Checkweighers are key to measuring the efficiency and cost of a packaging line. If you are a food manufacturer, you probably have metal detection and X-ray inspection equipment as a first line of defense to identify the presence of foreign contaminants in food products before they have the chance to leave the processing plant. But contaminants aren’t the only concern for your quality control. Does the package weigh the correct amount? If not you could be short-changing the customer, violating laws, or reducing your profit. Are there missing pieces within a larger packaged product? Incomplete products in the hands of your consumer could damage your brand.
A checkweigher classifies, counts and rejects products that are off spec, which helps you meet throughput and legal requirements while providing reliable weight control. We previously wrote about how food manufacturers use checkweighing to ensure that the weight of a packaged product being shipped out the door matches the weight on the label, and confirm that all the intended pieces are included in the final package. (See Infographic outlining 10 Ways to Save Money Using Checkweighing.)
However, there are several challenges that might impede the accuracy of standard checkweighers. With the arrival of packages in new style pouches, blister packs, paper and plastic tubes, multi-compartment trays, etc., each new package must be handled – and more importantly reliably rejected – in a customized way. If your company has adopted new packaging, line rate, product, or process requirements, a ‘standard’ solution may not work for you and it may be time for a custom-engineered checkweigher solution.
There are several factors that play into successful checkweighing that may have to be customized to ensure that your equipment is helping to maximize your process efficiencies while providing reliable weight control measurements including:
- the number of weighing lanes and how they are powered
- type of belts and / or chains
- belt speed
- custom reject devices or methods
- floor space availability
- vacuum in/outfeeds
Without the correct modifications, a number of problems can occur. Here are a few examples of real-life scenarios that dictated customization of checkweighing equipment for specific business needs:
- A special ‘finger reject’ was needed to avoid spillage of open spice containers. Ingredients can be expensive so open containers need to be kept upright during the process and even when they are rejected.
- Round boxes needed special over/under belts that are interleaved between the infeed- weighing and the outfeed for smooth product transfer.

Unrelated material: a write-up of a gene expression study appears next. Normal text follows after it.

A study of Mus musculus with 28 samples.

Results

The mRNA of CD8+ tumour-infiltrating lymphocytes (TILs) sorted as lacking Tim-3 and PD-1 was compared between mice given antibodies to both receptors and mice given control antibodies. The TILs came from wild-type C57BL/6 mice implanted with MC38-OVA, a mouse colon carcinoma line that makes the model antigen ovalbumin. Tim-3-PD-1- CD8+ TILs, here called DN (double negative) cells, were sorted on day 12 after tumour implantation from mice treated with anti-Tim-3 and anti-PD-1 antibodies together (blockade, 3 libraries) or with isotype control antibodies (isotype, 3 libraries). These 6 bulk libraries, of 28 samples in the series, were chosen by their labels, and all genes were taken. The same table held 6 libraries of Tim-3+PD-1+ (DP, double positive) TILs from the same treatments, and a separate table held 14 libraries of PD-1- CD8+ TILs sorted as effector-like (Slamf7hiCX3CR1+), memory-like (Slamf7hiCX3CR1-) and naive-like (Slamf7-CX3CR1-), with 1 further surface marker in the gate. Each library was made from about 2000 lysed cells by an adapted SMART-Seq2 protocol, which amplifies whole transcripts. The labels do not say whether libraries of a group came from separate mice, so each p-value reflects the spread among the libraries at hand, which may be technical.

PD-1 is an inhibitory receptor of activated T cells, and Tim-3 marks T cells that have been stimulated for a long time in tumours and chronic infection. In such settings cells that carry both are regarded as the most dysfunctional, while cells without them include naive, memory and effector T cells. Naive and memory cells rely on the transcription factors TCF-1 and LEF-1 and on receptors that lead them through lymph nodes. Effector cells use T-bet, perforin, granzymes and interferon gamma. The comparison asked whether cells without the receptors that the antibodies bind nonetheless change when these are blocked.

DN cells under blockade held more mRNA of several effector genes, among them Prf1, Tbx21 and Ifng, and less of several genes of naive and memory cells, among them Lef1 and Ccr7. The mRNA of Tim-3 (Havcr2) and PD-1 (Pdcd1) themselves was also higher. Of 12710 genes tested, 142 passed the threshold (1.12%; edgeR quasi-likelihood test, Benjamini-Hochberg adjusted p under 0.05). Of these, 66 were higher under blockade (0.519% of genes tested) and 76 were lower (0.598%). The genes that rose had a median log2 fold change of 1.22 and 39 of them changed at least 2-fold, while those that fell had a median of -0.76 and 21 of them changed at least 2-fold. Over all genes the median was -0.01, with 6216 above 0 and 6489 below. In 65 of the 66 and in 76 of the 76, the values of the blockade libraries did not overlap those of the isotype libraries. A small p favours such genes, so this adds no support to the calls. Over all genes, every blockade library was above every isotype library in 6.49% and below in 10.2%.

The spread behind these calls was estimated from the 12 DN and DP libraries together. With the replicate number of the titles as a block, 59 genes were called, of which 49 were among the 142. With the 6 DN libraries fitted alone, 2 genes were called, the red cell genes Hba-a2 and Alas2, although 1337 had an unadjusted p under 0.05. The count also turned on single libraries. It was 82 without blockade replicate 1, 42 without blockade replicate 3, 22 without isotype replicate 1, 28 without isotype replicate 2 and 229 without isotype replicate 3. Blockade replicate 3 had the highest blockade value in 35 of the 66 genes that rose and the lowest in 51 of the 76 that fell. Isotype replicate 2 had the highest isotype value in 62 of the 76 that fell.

- Glass bottles of powder needed two weighing sections with independent frame and conveyers. A totally contained solution eliminates loss of synch between the tare and the gross weight measurements.
- For plastic cans of pet food, slack belts were the preferred solution because slack belts do not carry the motor weight as in a powered weigh table design, allowing higher accuracy for low weight fills. Filler must work without spillage for the slack belt design to be effective.
- When a cartoning machine needed an embedded checkweigher due to space limits, two lateral load cells were used to weigh each carton as it was briefly lifted off the cartoner’s conveyor. In addition, complete software integration between the machines was developed.
- Abrasive cake mix prescribed roller-end deadplates and oil-impregnated plastic tracks, with direct connection to the bagger.
- One manufacturer needed to integrate a metal detector with the checkweighing equipment for heavy bags.
- For multiple package sizes of tea, the checkweigher needed to manage products from five different fillers, while fitting all box sizes during on-the-fly product change-over using a barcode scanner.
These customizations are just a few examples of how the broad range of packages and increasing line rates in the global packaging market require a broad range of checkweigher solutions capable of delivering accurate, reliable results. The first step to ensuring that your checkweigher is the key to efficiency and cost of a packaging line is to understand your requirements upfront to identify the supplier capabilities that are needed. The second step is to ensure you choose a vendor who can adapt the equipment to your needs.
I presented this material at a well-attended session at the last Pack Expo. You can download the slides here: An Engineered Checkweigher Solution Can Meet Evolving Production Requirements
Editor’s Note: You can also watch this video to see some of the parts of a checkweigher and how it can be configured. Scroll down to the bottom of the page.